Lilian Makoi is doing her part to transform her country through innovative solutions. Although she’s co-founded a number of start-ups but our main focus here is Jamii Africa. Jamii Africa is a start-up that provides health insurance targeted at Tanzania’s low income population.
Most start-ups may want to target a middle-class population but Lilian sees profit in those that earn less than $70 a month. The numbers add up, that’s 47 million people compared to 10,000. When Lilian isn’t doing her best to improve the health care of Tanzanians through Jammii, she’s a mentor. Lilian and her husband form a formidable duo, recognising opportunities and investing in them.
What is health insurance like in Tanzania and how has Jamii Africa impacted on it?
In Tanzania, the penetration of health insurance is as low as 4.5% and this makes the formal sector its only population. The main reason they have health insurance is because they get it as benefit from the employer.
The middle income population that can afford healthcare financing anyways make 19.6% of the population.76% are the low income population —from the informal sector, struggling with healthcare financing.
This low income population earns less than $70 a month. For them, income is also dynamic and savings is a luxury. This population ends up facing high rate of maternal deaths, home births and deaths from curable diseases.
Jamii comes as the much needed solution to this ignored population. Our mobile technology performs all the administration activities of the insurer. Jamii is also matched in strategic partnership with Jubilee Insurance and Vodacom. This helps cut insurance administration cost by 95%!
In all, this results in a health insurance product at $1 a month. It immediately makes health insurance affordable to 47 million people in just Tanzania! Jamii is already impacting the lives of over 8,000 families.Lilian Makoi: It took us over 10 meetings to get Vodacom Tanzania’s buy in to Jamii Click To Tweet
How did you manage to crack partnerships with Jubilee Insurance and Vodacom Tanzania?
We had a great product and knew how to communicate the value we were set to bring to them as partners. All we needed was a platform to communicate this to them.
Although it wasn’t easy, we managed to get their attention through constant persuasion and personal branding to establish relevance.
Why target the low income population in particular? How do you make a profit doing so?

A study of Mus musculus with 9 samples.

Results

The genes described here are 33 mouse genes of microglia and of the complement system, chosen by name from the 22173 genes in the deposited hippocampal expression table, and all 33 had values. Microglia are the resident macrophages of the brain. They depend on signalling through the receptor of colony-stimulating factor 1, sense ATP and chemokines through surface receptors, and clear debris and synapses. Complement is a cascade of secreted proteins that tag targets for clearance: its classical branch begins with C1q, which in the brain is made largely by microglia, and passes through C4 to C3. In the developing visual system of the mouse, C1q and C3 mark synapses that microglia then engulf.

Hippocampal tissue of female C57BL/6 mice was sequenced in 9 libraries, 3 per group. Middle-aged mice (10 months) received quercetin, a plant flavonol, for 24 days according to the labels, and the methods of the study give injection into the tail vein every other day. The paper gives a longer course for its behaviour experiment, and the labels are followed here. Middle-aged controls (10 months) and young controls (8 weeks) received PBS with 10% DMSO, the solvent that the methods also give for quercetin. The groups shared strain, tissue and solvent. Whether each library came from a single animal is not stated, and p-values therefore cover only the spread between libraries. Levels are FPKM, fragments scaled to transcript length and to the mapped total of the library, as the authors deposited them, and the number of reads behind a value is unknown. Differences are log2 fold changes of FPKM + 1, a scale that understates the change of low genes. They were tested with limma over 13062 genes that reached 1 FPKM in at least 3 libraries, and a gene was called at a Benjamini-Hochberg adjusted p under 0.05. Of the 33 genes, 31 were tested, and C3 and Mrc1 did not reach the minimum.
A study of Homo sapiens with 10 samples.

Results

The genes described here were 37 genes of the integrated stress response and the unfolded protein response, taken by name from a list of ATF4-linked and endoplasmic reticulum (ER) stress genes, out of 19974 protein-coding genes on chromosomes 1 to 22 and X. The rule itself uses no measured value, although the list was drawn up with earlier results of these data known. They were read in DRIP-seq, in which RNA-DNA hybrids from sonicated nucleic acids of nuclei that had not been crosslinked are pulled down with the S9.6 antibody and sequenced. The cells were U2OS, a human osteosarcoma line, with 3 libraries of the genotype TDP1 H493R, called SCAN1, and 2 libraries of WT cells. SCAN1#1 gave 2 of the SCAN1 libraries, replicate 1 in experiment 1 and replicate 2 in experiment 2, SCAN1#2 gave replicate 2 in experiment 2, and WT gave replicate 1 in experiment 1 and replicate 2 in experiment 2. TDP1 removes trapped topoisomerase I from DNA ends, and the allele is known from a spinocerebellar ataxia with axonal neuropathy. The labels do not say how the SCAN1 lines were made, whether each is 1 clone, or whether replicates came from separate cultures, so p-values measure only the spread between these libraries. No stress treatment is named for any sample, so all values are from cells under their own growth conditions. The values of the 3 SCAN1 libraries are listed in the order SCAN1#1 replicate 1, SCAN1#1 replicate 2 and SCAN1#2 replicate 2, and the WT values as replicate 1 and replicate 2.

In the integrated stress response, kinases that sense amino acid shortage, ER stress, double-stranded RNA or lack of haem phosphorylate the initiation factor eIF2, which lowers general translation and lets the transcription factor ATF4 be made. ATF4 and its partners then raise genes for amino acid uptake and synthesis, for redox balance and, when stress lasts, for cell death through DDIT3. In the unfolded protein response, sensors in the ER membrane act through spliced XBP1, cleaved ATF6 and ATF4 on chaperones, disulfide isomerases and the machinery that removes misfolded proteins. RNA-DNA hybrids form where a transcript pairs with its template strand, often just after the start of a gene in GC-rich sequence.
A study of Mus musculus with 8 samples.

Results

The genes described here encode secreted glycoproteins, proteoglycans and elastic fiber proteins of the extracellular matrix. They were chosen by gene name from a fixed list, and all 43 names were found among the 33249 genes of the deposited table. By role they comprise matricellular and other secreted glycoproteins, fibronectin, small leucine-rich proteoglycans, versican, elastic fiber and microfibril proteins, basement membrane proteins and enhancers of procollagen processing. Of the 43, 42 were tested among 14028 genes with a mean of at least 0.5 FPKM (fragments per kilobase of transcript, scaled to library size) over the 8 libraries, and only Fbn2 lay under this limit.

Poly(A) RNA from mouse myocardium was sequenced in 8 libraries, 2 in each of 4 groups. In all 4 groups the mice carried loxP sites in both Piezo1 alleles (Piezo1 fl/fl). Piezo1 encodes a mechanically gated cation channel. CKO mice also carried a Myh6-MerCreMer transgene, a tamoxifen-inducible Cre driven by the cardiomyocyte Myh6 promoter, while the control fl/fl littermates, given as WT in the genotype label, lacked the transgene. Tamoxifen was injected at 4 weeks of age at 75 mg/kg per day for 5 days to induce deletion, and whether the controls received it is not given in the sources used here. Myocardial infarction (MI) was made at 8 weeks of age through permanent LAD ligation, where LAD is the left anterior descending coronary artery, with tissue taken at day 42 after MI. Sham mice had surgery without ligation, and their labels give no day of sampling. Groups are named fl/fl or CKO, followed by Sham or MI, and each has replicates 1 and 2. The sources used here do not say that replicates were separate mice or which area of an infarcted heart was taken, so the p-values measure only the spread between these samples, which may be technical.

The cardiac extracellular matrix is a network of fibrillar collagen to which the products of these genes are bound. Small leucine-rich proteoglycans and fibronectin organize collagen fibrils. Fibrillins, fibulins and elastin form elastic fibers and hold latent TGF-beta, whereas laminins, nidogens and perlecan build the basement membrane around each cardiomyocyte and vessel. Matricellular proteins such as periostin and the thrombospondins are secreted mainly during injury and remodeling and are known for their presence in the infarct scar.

We are passionate about the low income population. First, they have real problems and that means we are solving real problems. This gives us purpose and global impact in all we do.
Second, it is where the money is! We make profit, although marginal but it is income from over 47 million people compared to ‘big chunks’ from just 10,000 people!@lilly_makoi - The low income population is where the money is! Click To Tweet
What does innovation mean to you? What would you say is unique about your approach to innovation?
We live to and for innovation! If it is not new, risky and disruptive, we don’t put our efforts or energy to it!
We believe that, it is only Africans that can change Africa for the better. So long as no one is doing anything ‘different’, we will always be a culprit of copycat products and solutions for problems that are not even ours.
We love to be pioneers to building highly innovative original solutions and understand the rewards of doing so.
What does it take to build a micro-health insurance product in an African country?
- A very innovative team,
- Tons of research,
- A great insurance partner,
- A strong telecom partner and
- Atop class product!
What will you need to go live in 14 other markets in Africa and impact 3 million lives in 2017?
We will need to partner with multiple local companies in these markets. These partners should already have relationships with telecom operators in their markets and have fair understanding of the insurance landscape.
We are close to finalising a partnership with two local companies outside Tanzania that have strong relationships with stakeholders in the identified markets. We expect to finalise ground work required by May 2017 and go live before the end of the year.
You’ve co-founded two other companies, what goes into your decision to work on other start-ups? Will you advice other women to follow your footsteps?
I have co-founded two other companies and a lot more will come. I have the privilege of working with my husband who is as innovative. We enjoy researching and building solutions together, and mentoring people. We naturally spot opportunities and visualise solutions. Then we choose to either implement directly or pick young passionate talent to mentor through building these solutions.
I definitely advice women to spend time understanding what they are passionate about and work towards acquiring skills to monetise their passion. I believe women that have had the privilege to education and/or exposure pursue bigger/newer/innovative business than what we have been taught to aspire. If you can, lets change the world!